CU School of Medicine

March 15, 2019 - On the first day of medical school four years ago, Austin Butterfield, MD, gave members of the class of 2019 permission to experience emotions – to share laughter, worry, joy and sadness with each other and with patients.

On Friday, Butterfield, an assistant professor of psychiatry at University of Colorado School of Medicine, expanded that permission.

As keynote speaker, he encouraged the 169 students, who gathered with family and friends Friday morning for the Match Day ceremony at the Hyatt Regency Denver at the Convention Center, to embrace their natural ability to experience more than one emotion at a time. 

Accepting two seemingly contradictory emotions will make the long, hard days of residency more fulfilling and less stressful, he said.

"There's never going to be a time in residency when you're not feeling pulled in lots of directions,” Butterfield said. “There is never going to be a time in residency when you're not feeling just a little overwhelmed."

When he began his residency, Butterfield believed that doctors should not show any emotion around patients. His attending physician set him straight, telling him, "Your human brain is designed to feel. Your human brain is designed to connect to other human brains on an emotional level."

Sharing emotions is a way of showing support for yourself and others, he said.

"The purpose of emotions is to help us organize our behaviors. The purpose of emotions is to help us figure out how we can adapt to what's going on around us,” he said. “If we give ourselves permission to do that, we're going to have the best patient experiences we can have. The patients will love you if you are able to maintain your humanity."

Student speaker Hogan Slack recalled the challenges of each stage of medical school including the excitement and trepidation he felt when choosing a specialty. The experience reminded him of an excerpt from Sylvia Plath's novel “The Bell Jar.”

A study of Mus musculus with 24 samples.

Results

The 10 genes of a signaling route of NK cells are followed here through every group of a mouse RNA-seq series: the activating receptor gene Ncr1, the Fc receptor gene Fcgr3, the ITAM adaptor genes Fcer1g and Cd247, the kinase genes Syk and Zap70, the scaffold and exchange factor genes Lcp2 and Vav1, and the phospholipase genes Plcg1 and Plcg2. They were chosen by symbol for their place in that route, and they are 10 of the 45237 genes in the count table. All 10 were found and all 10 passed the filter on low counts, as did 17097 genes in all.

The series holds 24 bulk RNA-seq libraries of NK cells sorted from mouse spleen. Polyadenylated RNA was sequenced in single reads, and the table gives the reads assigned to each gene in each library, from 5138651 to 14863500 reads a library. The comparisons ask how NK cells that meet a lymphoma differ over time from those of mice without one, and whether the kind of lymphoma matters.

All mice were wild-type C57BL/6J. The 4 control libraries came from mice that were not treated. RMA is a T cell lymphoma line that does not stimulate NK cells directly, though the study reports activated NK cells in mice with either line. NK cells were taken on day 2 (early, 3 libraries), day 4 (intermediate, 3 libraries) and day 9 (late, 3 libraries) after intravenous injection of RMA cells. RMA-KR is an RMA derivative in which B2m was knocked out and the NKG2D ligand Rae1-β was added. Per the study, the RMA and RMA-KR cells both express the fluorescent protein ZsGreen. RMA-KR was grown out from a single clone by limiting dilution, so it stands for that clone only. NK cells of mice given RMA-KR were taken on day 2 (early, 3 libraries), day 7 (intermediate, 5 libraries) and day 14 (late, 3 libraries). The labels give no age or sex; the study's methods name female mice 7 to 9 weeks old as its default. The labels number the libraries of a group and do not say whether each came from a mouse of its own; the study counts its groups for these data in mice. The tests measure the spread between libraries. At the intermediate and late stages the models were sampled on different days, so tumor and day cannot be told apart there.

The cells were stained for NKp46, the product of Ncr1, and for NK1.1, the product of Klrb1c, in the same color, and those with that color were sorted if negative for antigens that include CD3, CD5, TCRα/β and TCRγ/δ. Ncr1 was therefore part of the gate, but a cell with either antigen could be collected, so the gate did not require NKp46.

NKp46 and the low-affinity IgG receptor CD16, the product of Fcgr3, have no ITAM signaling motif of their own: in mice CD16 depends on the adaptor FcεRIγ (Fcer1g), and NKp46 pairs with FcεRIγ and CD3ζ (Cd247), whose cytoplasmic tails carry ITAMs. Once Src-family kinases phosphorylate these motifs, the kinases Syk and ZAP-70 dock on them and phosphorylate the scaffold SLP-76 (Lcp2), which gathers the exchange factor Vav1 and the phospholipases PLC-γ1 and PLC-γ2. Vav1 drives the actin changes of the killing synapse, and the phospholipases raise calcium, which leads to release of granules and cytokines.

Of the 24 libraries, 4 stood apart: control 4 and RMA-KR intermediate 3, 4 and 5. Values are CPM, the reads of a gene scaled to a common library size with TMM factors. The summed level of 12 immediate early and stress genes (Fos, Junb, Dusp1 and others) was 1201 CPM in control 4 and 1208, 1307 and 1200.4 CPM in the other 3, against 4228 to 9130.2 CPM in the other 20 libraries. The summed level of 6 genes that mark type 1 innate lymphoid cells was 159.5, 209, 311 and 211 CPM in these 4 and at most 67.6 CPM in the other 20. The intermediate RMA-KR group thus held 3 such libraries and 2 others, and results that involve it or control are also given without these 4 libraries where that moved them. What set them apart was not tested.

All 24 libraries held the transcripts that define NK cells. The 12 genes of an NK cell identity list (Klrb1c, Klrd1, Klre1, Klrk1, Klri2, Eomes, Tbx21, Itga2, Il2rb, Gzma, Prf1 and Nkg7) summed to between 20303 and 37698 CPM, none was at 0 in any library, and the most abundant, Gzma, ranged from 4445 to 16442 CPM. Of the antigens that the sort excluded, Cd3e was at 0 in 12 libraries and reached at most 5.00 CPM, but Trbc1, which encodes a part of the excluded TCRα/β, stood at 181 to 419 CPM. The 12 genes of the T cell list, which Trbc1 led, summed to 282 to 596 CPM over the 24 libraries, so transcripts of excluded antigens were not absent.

"I saw my life branching out before me like the green fig tree in the story. From the tip of every branch, like a fat purple fig, a wonderful future beckoned and winked. One fig was a husband and a happy home and children, and another fig was a famous poet and another fig was a brilliant professor ... and another fig was Europe and Africa and South America ... and beyond and above these figs were many more figs I couldn't quite make out. ... I wanted each and every one of them, but choosing one meant losing all the rest."

Slack recognized that Match Day contains a spectrum of emotions.

"Finally matching can feel so liberating, as you finally know your fate and can start picturing your life at a program which you got a glimpse of during interview day," Slack said.

"It can be so exciting to think about meeting co-residents, moving to a new city or staying in a city that you love. It also means once again leaving behind all of the other futures you have imagined while on the interview trail, and this can make the day bittersweet."

Each year in mid-March, graduating medical school students across the country find out simultaneously where they will perform their residencies, which can last between three and seven years. The students have visited residency programs and ranked the places where they hope to get training. Those places have ranked the students they want for their programs. When all that ranking is done, the National Residency Matching Program puts it all together to determine the match for more than 19,000 graduating medical students from across the United States.